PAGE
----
Will AI and machine learning replace the data scientist?


At the same time, new technologies that once seemed far off, are now poised to automate human analysis and decision making. It’s been six years since IBM’s Watson beat former Jeopardy! champions to win the $1 million prize. Since 2013, Watson has been making utilization management decisions at Memorial Sloan Kettering Cancer Center where IBM say that 90% of nurses in the field who are using Watson are following its guidance.

The Data Scientists vs. Artificial Intelligence

We are now seeing machine learning and artificial intelligence (AI) being used in other everyday applications, including Apple’s Siri, Amazon’s Alexa, and Tesla’s self-driving cars. These applications are making decisions and taking actions that humans have always done in the past. In fact, Gartner says that by 2020, 85% of customer interactions will be managed without a human.

AI applications comb through loads of data to create models capable of predicting and sharing outcomes. It is no longer programmed manually, but is capable of learning and continuously improving on its own. Scientific American says that in the next 10 to 20 years, nearly half of today’s jobs will be at risk due to AI algorithms. So, you might very well ask, will AI and machine learning eventually replace the data scientist? It’s a fair question and maybe we should ask Siri.

All kidding aside, I don’t think the data scientist is going away anytime soon. The data scientist will always be needed to coordinate new business needs with AI. Their job is, and will be for the foreseeable future, to translate the business problem into data sets and algorithms, testing them, and then setting them in motion. Every business problem requires its own unique solution that only the data scientist can solve. Unfortunately, you can’t take the code in healthcare for predicting heart attacks and reuse it in auto insurance to determine accidents.

The Opportunity

Companies today are wrestling with data varieties and volumes they’ve never previously seen. Data is being produced from every machine and process. It’s creating a myriad of data types, including structured and un-structured, qualitative, and quantitative, continuous and discrete, nominal and ordinal. It is high volume, high velocity, and high variety. Data scientists are just the ones to understand and determine the data requirements needed for the optimal AI and machine learning solution.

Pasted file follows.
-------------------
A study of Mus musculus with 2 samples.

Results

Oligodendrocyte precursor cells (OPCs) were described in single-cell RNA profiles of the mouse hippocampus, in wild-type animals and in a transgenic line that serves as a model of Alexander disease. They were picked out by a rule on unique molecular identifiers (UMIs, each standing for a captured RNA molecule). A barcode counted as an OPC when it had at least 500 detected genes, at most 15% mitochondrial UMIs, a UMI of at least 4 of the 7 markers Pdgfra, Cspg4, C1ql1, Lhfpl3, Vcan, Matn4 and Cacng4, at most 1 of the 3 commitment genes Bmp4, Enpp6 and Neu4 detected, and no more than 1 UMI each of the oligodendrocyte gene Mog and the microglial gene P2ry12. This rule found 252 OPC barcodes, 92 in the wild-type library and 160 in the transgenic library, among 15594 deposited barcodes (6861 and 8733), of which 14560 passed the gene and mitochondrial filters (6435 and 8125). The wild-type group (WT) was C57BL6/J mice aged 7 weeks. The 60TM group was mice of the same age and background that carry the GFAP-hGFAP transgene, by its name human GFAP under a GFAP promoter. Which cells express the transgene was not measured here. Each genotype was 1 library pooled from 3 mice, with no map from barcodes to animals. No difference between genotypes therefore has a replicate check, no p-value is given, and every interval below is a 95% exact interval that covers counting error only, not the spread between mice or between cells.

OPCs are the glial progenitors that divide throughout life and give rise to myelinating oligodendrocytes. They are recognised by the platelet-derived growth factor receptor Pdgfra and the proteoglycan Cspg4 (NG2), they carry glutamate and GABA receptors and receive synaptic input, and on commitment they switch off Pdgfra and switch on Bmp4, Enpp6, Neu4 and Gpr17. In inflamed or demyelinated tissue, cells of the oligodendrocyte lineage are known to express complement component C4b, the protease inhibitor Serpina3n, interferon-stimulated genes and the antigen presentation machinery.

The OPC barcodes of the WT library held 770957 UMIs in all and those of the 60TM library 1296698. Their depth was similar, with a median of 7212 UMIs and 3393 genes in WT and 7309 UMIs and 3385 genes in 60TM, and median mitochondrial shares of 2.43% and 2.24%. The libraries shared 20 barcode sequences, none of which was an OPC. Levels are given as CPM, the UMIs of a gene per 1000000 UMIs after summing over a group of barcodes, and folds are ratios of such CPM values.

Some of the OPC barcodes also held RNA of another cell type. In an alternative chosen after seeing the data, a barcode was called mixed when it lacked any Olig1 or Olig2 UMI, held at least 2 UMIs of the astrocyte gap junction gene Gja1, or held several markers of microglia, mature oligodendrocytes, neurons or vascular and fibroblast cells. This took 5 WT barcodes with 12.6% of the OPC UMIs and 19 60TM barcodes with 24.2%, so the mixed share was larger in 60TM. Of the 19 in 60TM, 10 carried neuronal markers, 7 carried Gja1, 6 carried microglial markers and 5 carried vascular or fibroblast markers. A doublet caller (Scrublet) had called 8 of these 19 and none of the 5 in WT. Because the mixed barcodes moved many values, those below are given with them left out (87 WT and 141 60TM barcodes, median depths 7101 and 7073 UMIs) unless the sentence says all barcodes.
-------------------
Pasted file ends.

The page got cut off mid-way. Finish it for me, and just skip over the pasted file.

What we will see in the near future is more and more technology to support the work of the data scientist. New types of data will be captured and made available. Data mining and analytical tools will get easier to use. More data analysts will become business analysts, using the data sets produced by the data scientists. And, most importantly, it will get easier to integrate the artificial intelligence and machine learning into production applications, helping to automate decision making. This is where organizations will realize the true value of big data.

Arming the Data Scientist and the Organization

The thing to remember is that data scientists cannot do their job in a vacuum. They need to be armed with the appropriate tools and data in order to tell the most accurate story. First, that means giving them access to a variety of data sources that represent how business gets done. These should include both internal systems and external systems in order to provide context and key pieces in the data puzzle.

Secondly, we need new tools that help the data scientist extract, merge, reduce, analyze, and present the data. These tools must be integrated in order to make this process more accurate and more efficient. The insights found by the data scientist then need to be operationalized so that they can be tracked going forward, looking for changes and trends. This is where the data scientist’s work really becomes integrated into the daily operations, allowing the business to learn and collaborate together.

Start Your Search Sooner Rather than Later

On top of being the number one job, the data scientist has also been called the “sexiest job of the 21st century.” With honors like that, you would think there would be a flood of applicants. Truth is, by just next year, the number of data science positions will exceed 490,000, but there will be less than 200,000 data scientists to fill these positions, according to a McKinsey study.

A good data scientist is truly a fortunate find. A business-savvy person with the advanced technical skills to find insightful nuggets in mountains of data can drive your business forward in ways you may not yet have imagined. After all, it was the data scientist who created personal recommendations on websites like Amazon and Netflix, created the LinkedIn network, and custom ads and content on sites like Facebook, generating millions of dollars for these companies.